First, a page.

Festival Iberoamericano de Teatro de Bogotá

April is one of the busiest months for cultural events in Bogotá, and this year things are kicking into especially high gear with the 14th Festival Iberoamericano de Teatro (Iberoamerican Theater Festival), which takes place every even-numbered year here in the capital. Though the festival is relatively young, it has enjoyed remarkable success in the years since its founding in 1988, and is now one of the largest theater festivals in the world.

The official name highlights theater works and performance from Spanish-speaking countries, but theater and dance troupes come from all over the world to present their work to supportive Colombian audiences. The festival has become a launching pad for Colombia’s young and rising theater talents, as well as a popular place for groups to stage international debuts of new works. The schedule is enough to make anyone’s head spin, and it is impossible to see all of the different presentations without the help of a time machine or some other kind of magic, but here are the important things to know if you’re planning to venture into Bogotá’s theatrical whirlwind:

What: The event calls itself a theater festival, but in reality it encompasses far more than just two- or three-act plays on a stage. From the colorful, madcap parade that marks the opening of the festival to the closing ceremony, these 17 days fill the city with free street performances, contemporary dance, children’s plays, discussion panels, storytelling, classical dance, concerts and, of course, plenty of inventive local and international theater. This year’s edition will feature works from 27 different countries across six continents, welcoming performances from countries as diverse as South Korea, the Czech Republic, Australia, Turkey, Mexico and South Africa, among many others.

The opening parade, 2010

The opening parade, 2010 – photo courtesy of Oscar David Gonzalez

Each year since 2002, the festival has also showcased works from a particular country as an “invited guest of honor.” This year, perhaps in an effort to create extra good will for the Colombia selección heading into the World Cup, the country of honor is neighboring Brazil, which will present eight different works, the most by any country other than Colombia. This seems to be an especially popular choice as far as the audience is concerned, as several of the Brazilian shows are already close to sold out.

Why: The first iteration of the theater festival, back in 1988, was staged in honor of the 450th anniversary of Bogotá’s founding. Creators Ramiro Osorio and Fanny Mikey, a beloved figure in Colombia’s arts world, brought together theater groups from 21 countries for a week in April, under the theme “An act of faith.” That faith paid off, as the festival has continued to expand and draw increasing numbers of participants and spectators each year. The 2012 iteration offered almost 1,600 total performances in front of an estimated audience of 2.8 million spectators – about one-third of the total population of Bogotá – and numbers are expected to be even higher this year. One of the main tenets of the festival is the idea that world-class theater should be accessible to as many people as possible – the organizers hope to encourage cultural exchange and greater understanding through the inclusion of works from a diverse range of countries, but they also place a strong emphasis on including street theater and free performances, both as a way to show support for the legitimacy of street performance as a valid genre of theater and to ensure that people who may not be able to afford the more expensive events can still participate in the festival.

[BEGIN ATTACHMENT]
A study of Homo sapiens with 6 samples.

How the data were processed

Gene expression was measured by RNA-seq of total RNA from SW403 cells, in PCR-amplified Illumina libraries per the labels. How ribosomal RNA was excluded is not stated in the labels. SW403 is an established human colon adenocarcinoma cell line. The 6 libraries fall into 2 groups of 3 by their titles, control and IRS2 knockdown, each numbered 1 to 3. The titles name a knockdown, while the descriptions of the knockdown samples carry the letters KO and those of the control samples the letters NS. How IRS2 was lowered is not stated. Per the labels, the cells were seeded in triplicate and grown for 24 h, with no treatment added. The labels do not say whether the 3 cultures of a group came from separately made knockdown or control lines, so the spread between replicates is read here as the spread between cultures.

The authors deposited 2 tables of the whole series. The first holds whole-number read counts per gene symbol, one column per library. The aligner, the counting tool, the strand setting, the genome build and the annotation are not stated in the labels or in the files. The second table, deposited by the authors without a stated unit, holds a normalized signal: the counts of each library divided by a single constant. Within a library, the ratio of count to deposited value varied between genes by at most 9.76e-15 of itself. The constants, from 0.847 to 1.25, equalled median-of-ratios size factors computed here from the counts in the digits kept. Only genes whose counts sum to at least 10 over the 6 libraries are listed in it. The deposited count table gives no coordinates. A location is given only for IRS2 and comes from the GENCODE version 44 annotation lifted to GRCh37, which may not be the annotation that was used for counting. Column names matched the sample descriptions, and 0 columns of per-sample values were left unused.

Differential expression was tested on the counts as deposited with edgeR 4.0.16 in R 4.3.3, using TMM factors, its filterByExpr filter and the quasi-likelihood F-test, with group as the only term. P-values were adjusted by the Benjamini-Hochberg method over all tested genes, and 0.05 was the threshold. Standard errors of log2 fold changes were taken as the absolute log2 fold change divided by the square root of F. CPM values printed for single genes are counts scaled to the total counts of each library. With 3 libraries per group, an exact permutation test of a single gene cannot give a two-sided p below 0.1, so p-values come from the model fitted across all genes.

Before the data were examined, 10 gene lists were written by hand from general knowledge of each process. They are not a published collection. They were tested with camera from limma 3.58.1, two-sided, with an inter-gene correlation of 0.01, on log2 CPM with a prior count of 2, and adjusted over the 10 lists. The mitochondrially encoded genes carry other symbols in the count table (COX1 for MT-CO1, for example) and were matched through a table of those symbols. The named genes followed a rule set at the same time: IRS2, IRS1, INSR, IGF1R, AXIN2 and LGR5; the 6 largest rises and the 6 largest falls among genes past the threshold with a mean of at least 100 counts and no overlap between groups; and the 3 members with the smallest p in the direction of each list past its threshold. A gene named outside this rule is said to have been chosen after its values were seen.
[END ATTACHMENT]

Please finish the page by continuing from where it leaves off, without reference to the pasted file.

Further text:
Musical performer in the 2010 festival

Musical performer in the 2010 festival – photo courtesy of Viviana Calderon

When: The 2014 festival will take place from April 4-20. Expect it to be especially full of out-of-towners, as the regionwide vacation week of Semana Santa (Holy Week) falls during the second week of the festival.

Where: Due to the incredibly high volume of events crammed into these two weeks, the festival is spread out across the whole city, with performances in a total of 56 different venues. The Casa de Teatro Nacional, Teatro Nacional Fanny Mikey, Teatro Hilos Mágicos, Teatro R101, Teatro Nacional La Castellana and Teatro Libre de Chapinero all host multiple performances, while the majority of free and street acts are located in the city’s plazas and parks, including Parque Nacional, Parque de Usaquén, Plaza Bolívar, Parque El Tunal and Parque Simón Bolívar. The Downtown 7-27 theater will be the site for most of the festival’s concerts, which include Colombian bands ChocQuibTown, La 33 and Puerto Candelaria.

LAN Airlines and its affiliates get you there for the curtain with daily flights to Bogotá.